Chinese Authorities Force Citizens to Abandon Age-Old Burial Traditions in Pursuit of Efficiency
A war on coffins is being waged in China.
This summer, Jiangxi Province, located in southeastern China, has been swept up in the “Green Reform of Funerals,” a movement directed by the local government to replace traditional burials with cremation.
“All bodies in the county must be cremated with no exception. … Burials are strictly prohibited, and failure to comply will result in the forced cremation of the body and the demolition of the grave,” read an official notice released by the authorities in Ji’an County, Jiangxi Province, on July 19.
The goal is to “reach 100 percent cremation countywide” by Sept. 1, according to the notice.
Burial in an elaborate coffin signifies good wishes and respect for the dead, and has been part of China’s folk traditions of death rituals for thousands of years.
In many rural areas, including villages in Jiangxi, the elderly often spend their latter years investing their savings to ensure they’ll have a good final resting place.
However, carrying the slogan of breaking “feudalistic superstitions” and under the guise of promoting eco-friendly death burials, the Chinese regime has been enforcing cremation as a simpler burial solution in various parts of the country, particularly in rural areas such as Jiangxi, where traditional burial customs are most widely valued.
According to online videos and photos recently circulated by Chinese media, Jiangxi law enforcement has rushed into villages and broken into houses, forcibly carrying away coffins from their elderly owners and destroying them with excavators.
Some elderly jumped into their soon-to-be-destroyed coffins wishing to be “gone together with it,” until the police dragged them away.
In 2014, during a “funeral” reform campaign in Anhui Province in eastern China, six elderly residents committed suicide after they were threatened by authorities and had their coffins seized, according to a report by British newspaper The Times.
Destroying Traditional Culture
Liu Qi, governor of Jiangxi, said in a speech on July 18 that funeral reform is an important step in “destroying thousand-year-long customs.”
In Chinese culture, “to have a place of burial, and to rest in peace in the earth”—as the old saying goes—is the ideal conclusion to a person’s life.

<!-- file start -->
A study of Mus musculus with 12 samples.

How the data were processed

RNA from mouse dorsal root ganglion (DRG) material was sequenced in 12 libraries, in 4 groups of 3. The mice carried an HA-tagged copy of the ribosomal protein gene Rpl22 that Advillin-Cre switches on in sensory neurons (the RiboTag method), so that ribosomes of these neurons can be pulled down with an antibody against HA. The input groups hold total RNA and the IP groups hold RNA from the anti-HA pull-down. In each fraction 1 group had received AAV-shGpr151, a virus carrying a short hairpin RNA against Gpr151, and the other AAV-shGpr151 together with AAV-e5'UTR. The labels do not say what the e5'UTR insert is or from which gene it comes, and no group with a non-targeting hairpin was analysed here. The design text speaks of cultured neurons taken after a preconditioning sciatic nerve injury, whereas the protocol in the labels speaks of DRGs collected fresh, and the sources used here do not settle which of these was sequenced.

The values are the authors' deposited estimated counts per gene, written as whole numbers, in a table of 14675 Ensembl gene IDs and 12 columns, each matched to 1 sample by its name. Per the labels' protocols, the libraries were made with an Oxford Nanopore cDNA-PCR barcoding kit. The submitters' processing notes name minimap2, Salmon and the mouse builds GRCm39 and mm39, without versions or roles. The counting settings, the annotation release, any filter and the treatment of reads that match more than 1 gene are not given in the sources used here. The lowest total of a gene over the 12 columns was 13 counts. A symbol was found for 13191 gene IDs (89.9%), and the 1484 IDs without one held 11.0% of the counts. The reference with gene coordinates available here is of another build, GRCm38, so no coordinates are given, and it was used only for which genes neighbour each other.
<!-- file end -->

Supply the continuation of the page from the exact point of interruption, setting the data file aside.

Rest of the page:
However, the Chinese Communist Party (CCP) has made it a “political task” for local authorities to dig up graves and destroy coffins, undermining cultural traditions in the process.
“It’s like the Party’s movement of ‘Breaking the Four Olds’ all over again,” a netizen named “farmer_112” said on Weibo, China’s version of Twitter, in response to an article about Jiangxi funeral reform published by Hong Kong-based Phoenix TV on July 30.
The term “four olds” was used by the Chinese regime to describe four elements of Chinese culture it aimed to eradicate during the Cultural Revolution (1967-1976) as supposedly running counter to the communist cause, namely: old thinking, old habits, old culture, and old customs. Many historical sites, Buddhist temples, Confucius statues, and other elements of traditional culture were destroyed during the campaign.
“This is the characteristic of the Chinese regime: just be like a bandit,” said a netizen named “cloud_17892.”
A Profit-Oriented Industry
Aside from the forced removal of their folk culture, Jiangxi villagers are also upset with the authorities’ policy because of the extra financial burden that comes with cremation.
With the new mandate requiring cremations by official-sanctioned methods, the Jiangxi authorities are in effect forcing people to pay for extra costs involving transportation of the body, cremation service, and rents for space in public cemeteries—which villagers did not have to pay for in the past.
Furthermore, on Nov. 6, 2017, three state-run conglomerates in Jiangxi jointly established and invested in a company called Jiangxi Funeral Investment Group. It had a registered capital of 200 million yuan (about $29 million) and established partnerships with major banks in China, receiving a total credit of 12 billion yuan (about $1.76 billion).
The newly founded company, unsurprisingly, was to be “under the direction” of the Jiangxi provincial government. On its website, the company also describes its mission as promoting “burial reform” and “standardized burial services”—which align with the government’s agenda.
In fact, funerals are not the only component of people’s lives that the Chinese regime wants to commercialize—basic needs, such as senior care, education, and health care are also part of its agenda to boost the economy.
“It [the government] can say tens of thousands of different things, but after all, it’s just for the money,” said a netizen named “MEYO_grain,” in a Weibo post that has since been deleted.